Sunday, 15 April 2012

You got to know when to hold ‘em

Last night, I wrestled with the idea of how people move on. Some people seem more resilient than others at calling it quits, while others seem bent on continually reliving their past mistakes and relationships.

The whole debacle of modern relationships reminds me of a poker game. Successful card-players mix the luck of the cards dealt and drawn with a powerful memory of past successes and failures, considerable skill and, at times, sheer ruthlessness in securing a winning hand.

Even if, at the outset, you have a pair of high-ranking cards (like A♠ A♦ K♦ Q♥ J♣), you might find that one of them doesn’t follow suit, or discover that the Jack can also be a Knave. Your hand still needs three other cards to complete a ‘full house’, so if you must win, you’ll need to get rid of anything that doesn’t fit.

For instance, ‘One pair’ (perhaps the King and Queen of Hearts) however high and well matched is easily defeated by a complete family of lower ranking cards that all follow suit.

That hand might look good to you, but a straight flush led by a Queen (Q♣ J♣ 10♣ 9♣ 8♣) is a lot stronger than a King and Queen paired by themselves. Similarly, you might also win the pot with a lower-ranking family called ‘Four of a kind’.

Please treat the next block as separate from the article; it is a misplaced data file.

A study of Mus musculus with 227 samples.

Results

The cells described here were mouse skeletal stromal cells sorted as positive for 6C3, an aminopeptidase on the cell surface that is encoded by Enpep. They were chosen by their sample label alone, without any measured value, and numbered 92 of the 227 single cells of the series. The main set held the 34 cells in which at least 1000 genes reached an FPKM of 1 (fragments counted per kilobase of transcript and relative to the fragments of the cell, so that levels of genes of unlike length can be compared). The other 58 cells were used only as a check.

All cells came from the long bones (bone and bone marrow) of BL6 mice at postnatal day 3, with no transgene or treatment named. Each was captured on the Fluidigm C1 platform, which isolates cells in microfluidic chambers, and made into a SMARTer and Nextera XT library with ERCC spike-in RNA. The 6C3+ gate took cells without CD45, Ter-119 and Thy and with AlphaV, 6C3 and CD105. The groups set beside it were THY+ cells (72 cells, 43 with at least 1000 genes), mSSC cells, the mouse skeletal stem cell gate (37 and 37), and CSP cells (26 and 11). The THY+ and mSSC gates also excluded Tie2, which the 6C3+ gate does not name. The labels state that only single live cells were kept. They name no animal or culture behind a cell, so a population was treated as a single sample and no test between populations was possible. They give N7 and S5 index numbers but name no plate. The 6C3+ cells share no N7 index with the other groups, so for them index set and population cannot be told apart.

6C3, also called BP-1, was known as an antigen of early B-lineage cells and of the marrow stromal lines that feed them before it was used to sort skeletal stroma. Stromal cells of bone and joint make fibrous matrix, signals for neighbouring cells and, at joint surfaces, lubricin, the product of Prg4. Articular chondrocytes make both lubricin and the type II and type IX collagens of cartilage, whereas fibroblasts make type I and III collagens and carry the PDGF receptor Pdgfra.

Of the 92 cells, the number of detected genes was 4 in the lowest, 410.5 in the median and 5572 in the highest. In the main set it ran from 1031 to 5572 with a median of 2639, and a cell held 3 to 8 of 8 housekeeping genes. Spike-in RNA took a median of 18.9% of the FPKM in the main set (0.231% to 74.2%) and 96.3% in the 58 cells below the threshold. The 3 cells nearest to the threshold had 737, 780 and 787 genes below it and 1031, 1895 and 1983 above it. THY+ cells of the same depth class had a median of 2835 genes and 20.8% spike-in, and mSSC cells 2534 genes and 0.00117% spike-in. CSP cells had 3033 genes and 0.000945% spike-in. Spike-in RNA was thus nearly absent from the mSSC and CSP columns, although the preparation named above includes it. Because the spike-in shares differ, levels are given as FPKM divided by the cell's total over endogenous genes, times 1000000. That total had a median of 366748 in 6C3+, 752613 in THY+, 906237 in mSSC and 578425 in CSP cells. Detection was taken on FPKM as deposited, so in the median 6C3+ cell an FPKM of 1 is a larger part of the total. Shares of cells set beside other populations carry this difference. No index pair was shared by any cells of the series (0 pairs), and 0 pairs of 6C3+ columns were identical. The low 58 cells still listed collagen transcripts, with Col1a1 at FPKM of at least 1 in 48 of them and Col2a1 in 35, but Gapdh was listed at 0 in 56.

Perhaps, most of all to secure a ‘full house’, you need to know how to exploit the ‘wild card’.

Of course, you will probably have close friends and family looking over your shoulder and whispering wise words like ‘lose the Queen’, or ‘just use the wild card’. All the while, they will claim to have your best interests at heart. Be careful, especially if all that they really want is to spend your success on themselves. You might want to check their own track record with lady luck before accepting advice at face value.

In the end, those who can move on quickly realise that:

1. There’s more than one game in town;

2. It’s better to bluff indifference and hide revealing ‘tells’ by a stoic poker face;

3. They can have more success if they can team up with a better bluffer;

4. You can’t focus on the defeat of the last hand, when the next hand you hold promises greater winnings;

5. Playing solitaire is only the last resort for losers.

So, whether you end up winning with ‘Queen straight flush’, or losing with just ‘two of a kind’, try to remember never to bluff your entire future in trying to gain one card and that eventually we all get played at our own game.

Perhaps, only then it will dawn on us that (with the high stakes involved, and however much we bluff indifference and holding a better hand than everyone else) LOVE IS REALLY NEVER A POKER GAME BECAUSE THERE IS NEVER AN OUTRIGHT WINNER WHO TAKES ALL.

Till then, if you insist on playing games, as Kenny Rogers sang:

You got to know when to hold ‘em, know when to fold ‘em, Know when to walk away, know when to run.

You never count your money when you're sittin' at the table,
There'll be time enough for countin' when the dealin's done.